Tech students, faculty reflect on 2008 election

After many months of campaigning and debating, Barack Obama has sealed his place as the U.S.’s current president-elect. With a strong opposition from McCain and a much stronger lineup of candidates than in the recent past, Americans have broken records and decided on the near future leadership of the country.

As a rigorous academic institution, Tech students, faculty and administration will be affected in ways other demographics and institutions and organizations may not be. Richard Barke, associate professor at the School of Public Policy, describes the predicted effects of what Obama’s next four years may bring, as well as the reasons and emotions behind the campus’ decision of 2008.

“Tech students are pretty reflective of the population,” Barke said. Having surveyed his own classes and speaking with many students here, he claims that the national six-point margin between McCain and Obama was very close to the alignment of Tech students. He also explained many of the reasons why he thinks Obama was victorious over McCain.

Obama’s character and personality were major selling points. It was “intelligence, maturity people were yearning for,” Barke said, noting the impression Obama gave people outside of his political standpoints.

The voting record of Tech students provided insight as to why Americans voted the way they did. “American voters surely appreciate Barack Obama’s intellect and his calm and confident character, both of which are important to the success of any leader,” said Nirouz Elhammali, a second-year INTA major.

Alan Edwards, a second-year CE major, agreed about the general clout surrounding Obama’s campaign. “Obama ran on a platform of change, and there’s no doubt that change is what Americans want and need right now. Even as a Republican supporter of Bush and McCain ideals, I completely understand why Obama received the support that he did,” Edwards said. “He’s something different.”

As a school heavily influenced by technology, research and education policy, Barke, Edwards and Elhammali noted the peculiarities with which Tech students should be concerned. “I don’t think we’ll see much change on defense research,” Barke said. As students, Edwards and Elhammali have their own unique perspectives as well.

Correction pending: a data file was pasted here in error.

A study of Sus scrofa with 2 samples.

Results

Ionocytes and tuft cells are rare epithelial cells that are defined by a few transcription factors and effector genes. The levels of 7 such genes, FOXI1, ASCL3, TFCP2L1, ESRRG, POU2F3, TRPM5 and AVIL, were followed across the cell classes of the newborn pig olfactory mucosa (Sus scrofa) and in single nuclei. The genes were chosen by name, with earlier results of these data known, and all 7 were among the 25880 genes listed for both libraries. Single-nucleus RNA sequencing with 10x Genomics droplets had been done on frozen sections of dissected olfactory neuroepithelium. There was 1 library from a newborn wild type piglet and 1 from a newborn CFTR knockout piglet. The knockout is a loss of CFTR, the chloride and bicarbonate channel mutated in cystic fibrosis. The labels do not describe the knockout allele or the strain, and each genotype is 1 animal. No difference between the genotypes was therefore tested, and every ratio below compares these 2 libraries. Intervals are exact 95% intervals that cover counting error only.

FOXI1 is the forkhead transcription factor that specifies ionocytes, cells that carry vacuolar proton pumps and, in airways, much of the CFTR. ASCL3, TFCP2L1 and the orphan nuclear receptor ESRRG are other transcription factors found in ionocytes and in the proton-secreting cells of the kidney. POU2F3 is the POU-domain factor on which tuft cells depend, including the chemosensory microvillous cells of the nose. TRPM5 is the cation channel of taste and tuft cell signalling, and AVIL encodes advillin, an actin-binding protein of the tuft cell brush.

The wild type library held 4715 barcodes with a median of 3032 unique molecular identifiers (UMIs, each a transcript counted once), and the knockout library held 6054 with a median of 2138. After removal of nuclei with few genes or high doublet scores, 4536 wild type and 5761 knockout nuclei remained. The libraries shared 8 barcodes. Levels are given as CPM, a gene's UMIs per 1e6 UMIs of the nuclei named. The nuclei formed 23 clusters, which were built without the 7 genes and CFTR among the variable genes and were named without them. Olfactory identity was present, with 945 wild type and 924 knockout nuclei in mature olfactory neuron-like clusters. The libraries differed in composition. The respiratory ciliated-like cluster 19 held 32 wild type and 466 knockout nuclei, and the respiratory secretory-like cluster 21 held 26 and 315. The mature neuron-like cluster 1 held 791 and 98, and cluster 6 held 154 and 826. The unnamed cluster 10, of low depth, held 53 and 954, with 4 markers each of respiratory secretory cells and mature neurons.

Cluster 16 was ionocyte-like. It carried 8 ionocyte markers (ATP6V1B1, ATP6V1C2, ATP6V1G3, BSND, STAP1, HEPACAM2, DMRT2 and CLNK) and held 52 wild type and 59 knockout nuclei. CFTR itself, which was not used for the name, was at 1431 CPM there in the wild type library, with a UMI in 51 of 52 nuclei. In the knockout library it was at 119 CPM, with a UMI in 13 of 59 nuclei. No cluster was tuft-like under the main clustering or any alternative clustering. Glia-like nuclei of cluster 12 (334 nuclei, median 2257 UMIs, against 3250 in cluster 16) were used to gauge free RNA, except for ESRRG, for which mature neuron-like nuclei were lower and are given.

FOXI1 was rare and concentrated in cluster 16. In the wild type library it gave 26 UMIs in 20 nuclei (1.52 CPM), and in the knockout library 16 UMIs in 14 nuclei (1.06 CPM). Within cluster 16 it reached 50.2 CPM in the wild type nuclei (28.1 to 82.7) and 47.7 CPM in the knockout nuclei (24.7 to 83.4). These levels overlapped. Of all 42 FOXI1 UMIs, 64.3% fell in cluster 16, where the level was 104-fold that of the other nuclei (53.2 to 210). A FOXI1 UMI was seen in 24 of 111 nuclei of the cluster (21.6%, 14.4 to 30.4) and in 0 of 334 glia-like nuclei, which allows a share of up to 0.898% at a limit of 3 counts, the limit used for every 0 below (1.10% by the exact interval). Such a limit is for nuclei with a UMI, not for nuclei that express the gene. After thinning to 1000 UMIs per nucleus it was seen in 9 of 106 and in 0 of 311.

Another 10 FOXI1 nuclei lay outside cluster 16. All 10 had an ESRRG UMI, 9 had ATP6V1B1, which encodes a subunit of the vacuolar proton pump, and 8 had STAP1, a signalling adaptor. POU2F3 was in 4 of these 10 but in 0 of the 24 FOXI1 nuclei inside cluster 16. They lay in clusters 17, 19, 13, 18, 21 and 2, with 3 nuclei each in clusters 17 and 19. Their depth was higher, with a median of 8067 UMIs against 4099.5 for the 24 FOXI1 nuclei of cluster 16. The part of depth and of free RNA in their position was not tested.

“If Obama pushes an agenda to lessen our foreign energy dependence, you can be certain that Tech will be involved in one way or another,” Edwards said. “[A]ny sort of relief future presidents, not just Obama, can bring to our economy with the creation of more jobs and stimulating various markets will only expand what we have at our fingertips come graduation.”

Elhammali understands the importance of the relationship between Tech and policy making as well. “Barack Obama recognizes the importance of technological innovation in furthering our nation as a whole. There is no doubt that places like Tech hold the key to achieving that sort of technological success,” Elhammali said.

Although a McCain supporter, Edwards coped well with the outcome. “Overall, I’m disappointed that McCain lost but I’m not packing my bags anytime soon to skip across the border.

“Given that Obama picks a proactive and well-rounded Cabinet, and works closely with Congress to help steer our country in the direction it needs to be, I think we Republicans can wait four years to try again,” Edwards said.

Elhammali personalized Obama’s historic victory. “[President-elect Obama]’s ability to appeal to such a wide range of ages and ethnicities will prove advantageous not only to [his] reputation, but to the well being of our nation as a whole…[he] offers a sort of new hope that I, as a minority citizen, could not help but support,” Elhammali said.

Regarding the election process and government as a whole, Barke reveres the democratic basis of elections.

He warned about the skepticism of citizens as well as Tech students, reminding that government is not always the solution, but it is not always the problem. “[V]oting may be the holiest of our civic actions,” Barke said

Americans have exercised their sacred democratic right and holiest of civic actions and few would regret that ability.